The first Americans have received Moderna’s coronavirus vaccine after it was approved for emergency use authorization.
Just three days after being approved by the U.S. Food and Drug Administration (FDA), initial shipments left a distribution center in the Memphis area.
Hartford Healthcare, the first healthcare system in Connecticut to get Moderna’s vaccine, received 8,800 doses to give to frontline healthcare workers.
Within an hour of arriving, hundreds of physicians, nurses, security guards and custodians lined up to get the jab to applause from their colleagues.
One man even raised his hands and cheered after he received the vaccine.
The very first hospital worker at Hartford Healthcare in Connecticut, and among the country, to receive Moderna’s coronavirus vaccine was critical care nurse Mandy Delgado. Courtesy of NBC Connecticut
Employee Wilfredo Rivera was captured raising his hands in cheers after he got the jab on Monday, December 21 (pictured)
The very first patient to receive the jab at Hartford Healthcare was critical care nurse Mandy Delgado.
In her 16 years as a nurse, she says has never experienced anything as exhausting as caring for waves of COVID-19 patients.
‘Youse see patients progressively getting worse, even dying, and their families not being able to be there,’ she said in a statement.
‘It takes a mental toll on you. I wish and hope others will follow me in making the right move to move forward.’
For some, the day was one of jubilation.
Hartford HealthCare employee Wilfredo Rivera raised his hands in celebration after receiving the Moderna vaccine.
Photographer Jessica Hill, who captured the moment, tweeted: ‘When I saw him roll up his sleeve over an hour before he got the shot, I knew he was pumped.’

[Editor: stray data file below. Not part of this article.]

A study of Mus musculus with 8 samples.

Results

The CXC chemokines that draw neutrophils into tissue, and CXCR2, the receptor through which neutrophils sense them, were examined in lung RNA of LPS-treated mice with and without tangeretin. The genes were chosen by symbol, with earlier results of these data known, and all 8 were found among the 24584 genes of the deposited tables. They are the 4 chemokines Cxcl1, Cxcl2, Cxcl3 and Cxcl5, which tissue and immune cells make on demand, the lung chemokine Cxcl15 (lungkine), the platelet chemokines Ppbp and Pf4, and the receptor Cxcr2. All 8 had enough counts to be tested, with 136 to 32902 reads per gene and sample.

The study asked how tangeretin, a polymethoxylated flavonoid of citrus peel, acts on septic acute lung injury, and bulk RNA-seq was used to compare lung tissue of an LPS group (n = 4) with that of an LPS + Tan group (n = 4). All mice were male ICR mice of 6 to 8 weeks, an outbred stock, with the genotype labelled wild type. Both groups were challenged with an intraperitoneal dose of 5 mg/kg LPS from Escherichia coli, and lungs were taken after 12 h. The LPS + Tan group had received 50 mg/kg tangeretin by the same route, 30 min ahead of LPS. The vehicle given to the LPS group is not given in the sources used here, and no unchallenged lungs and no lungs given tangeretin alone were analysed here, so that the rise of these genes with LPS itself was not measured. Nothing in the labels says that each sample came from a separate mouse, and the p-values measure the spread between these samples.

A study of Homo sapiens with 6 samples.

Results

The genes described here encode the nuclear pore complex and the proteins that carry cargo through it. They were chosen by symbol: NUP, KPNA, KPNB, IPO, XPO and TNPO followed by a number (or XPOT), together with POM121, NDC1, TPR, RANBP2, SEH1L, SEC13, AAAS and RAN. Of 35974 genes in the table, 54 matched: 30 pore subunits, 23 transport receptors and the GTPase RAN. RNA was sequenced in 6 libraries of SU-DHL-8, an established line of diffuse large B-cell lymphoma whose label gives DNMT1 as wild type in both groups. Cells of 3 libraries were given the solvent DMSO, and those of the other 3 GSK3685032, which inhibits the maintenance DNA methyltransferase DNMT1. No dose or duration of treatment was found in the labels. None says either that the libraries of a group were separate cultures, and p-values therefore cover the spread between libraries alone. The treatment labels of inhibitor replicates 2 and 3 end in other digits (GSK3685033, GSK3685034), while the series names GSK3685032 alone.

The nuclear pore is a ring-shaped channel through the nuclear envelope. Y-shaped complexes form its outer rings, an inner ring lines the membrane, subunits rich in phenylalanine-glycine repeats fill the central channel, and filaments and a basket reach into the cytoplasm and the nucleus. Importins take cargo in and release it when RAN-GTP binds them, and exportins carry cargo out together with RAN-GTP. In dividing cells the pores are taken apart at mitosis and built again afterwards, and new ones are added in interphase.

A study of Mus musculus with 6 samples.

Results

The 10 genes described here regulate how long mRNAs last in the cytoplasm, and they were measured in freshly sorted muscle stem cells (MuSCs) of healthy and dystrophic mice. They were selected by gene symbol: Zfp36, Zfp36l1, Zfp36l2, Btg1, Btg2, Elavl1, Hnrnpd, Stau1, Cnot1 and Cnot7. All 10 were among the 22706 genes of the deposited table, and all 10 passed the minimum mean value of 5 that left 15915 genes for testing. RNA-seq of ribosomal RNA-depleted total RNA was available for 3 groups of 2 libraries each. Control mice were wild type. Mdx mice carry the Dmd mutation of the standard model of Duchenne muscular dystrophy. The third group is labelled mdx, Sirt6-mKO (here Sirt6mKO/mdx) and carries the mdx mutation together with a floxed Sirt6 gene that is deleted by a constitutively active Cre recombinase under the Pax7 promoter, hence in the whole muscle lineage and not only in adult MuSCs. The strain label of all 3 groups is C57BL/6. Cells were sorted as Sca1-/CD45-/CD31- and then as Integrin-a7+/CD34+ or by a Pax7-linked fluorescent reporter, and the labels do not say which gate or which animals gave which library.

Preliminary clinical trial data showed Moderna’s shot is 94.5% effective at preventing coronavirus and 100% effective at preventing severe disease. Pictured: Herbie Severe receives Moderna’s COVID-19 vaccine at Hartford Healthcare, December 21
The vaccine does not require ultra-cold storage like Pfizer’s and can keep in the refrigerator for up to 30 days. Pictured: Dr Amanda Ramos, an oncology specialist, receives Moderna’s COVID-19 vaccine at Hartford Healthcare, December 21
Hartford Healthcare expects to vaccinate 10,000 people by the end of the week. Pictured: Michael Girared, public safety dispatcher at Hartford Healthcare, receives Moderna’s coronavirus vaccine, December 21
Hartford Healthcare President and CEO Jeffrey Flaks referred to the vaccines as ‘shots of hope.’
‘We have such renewed hope,’ Flaks said,
‘By the end of the day, we will have exhausted our Pfizer supply. We expect to vaccinate 10,000 people this week.’
Moderna’s vaccine was developed in partnership with the National Institutes of Health.
It uses part of the pathogen’s genetic code called messenger RNA, or mRNA, to get the body to recognize the coronavirus and attack it if a person becomes infected.
The candidate, called mRNA-1273, works by tricking the body into producing some of the viral proteins, which the immune system then recognizes and builds a defensive response against.
For the trial of up to 30,000 US participants, one group is given the vaccine and another groups is given the placebo.
Researchers then waited until 53 total participants contracted the virus and developed symptoms.
Clinical data showed the vaccine was 94.5 percent effective at preventing COVID-19 infection and 100 percent effective at preventing severe disease.
Unlike the Pfizer vaccine, Moderna’s does not require ultra-cold storage and can be stored in a refrigerator for up to 30 days.
Eric Arlia, Hartford HealthCare’s director of Pharmacy Systems, said this will help with widespread vaccination among the general public.
Moderna vaccine is easier to store than the Pfizer vaccine, because while it must be frozen, it does not need to be kept in ultra-cold storage. He said that once thawed, it can be kept in a refrigerator for up to 30 days before being used.
‘It’s a lot easier for us to handle and can be put in a lot more settings outside of hospitals,’ he said.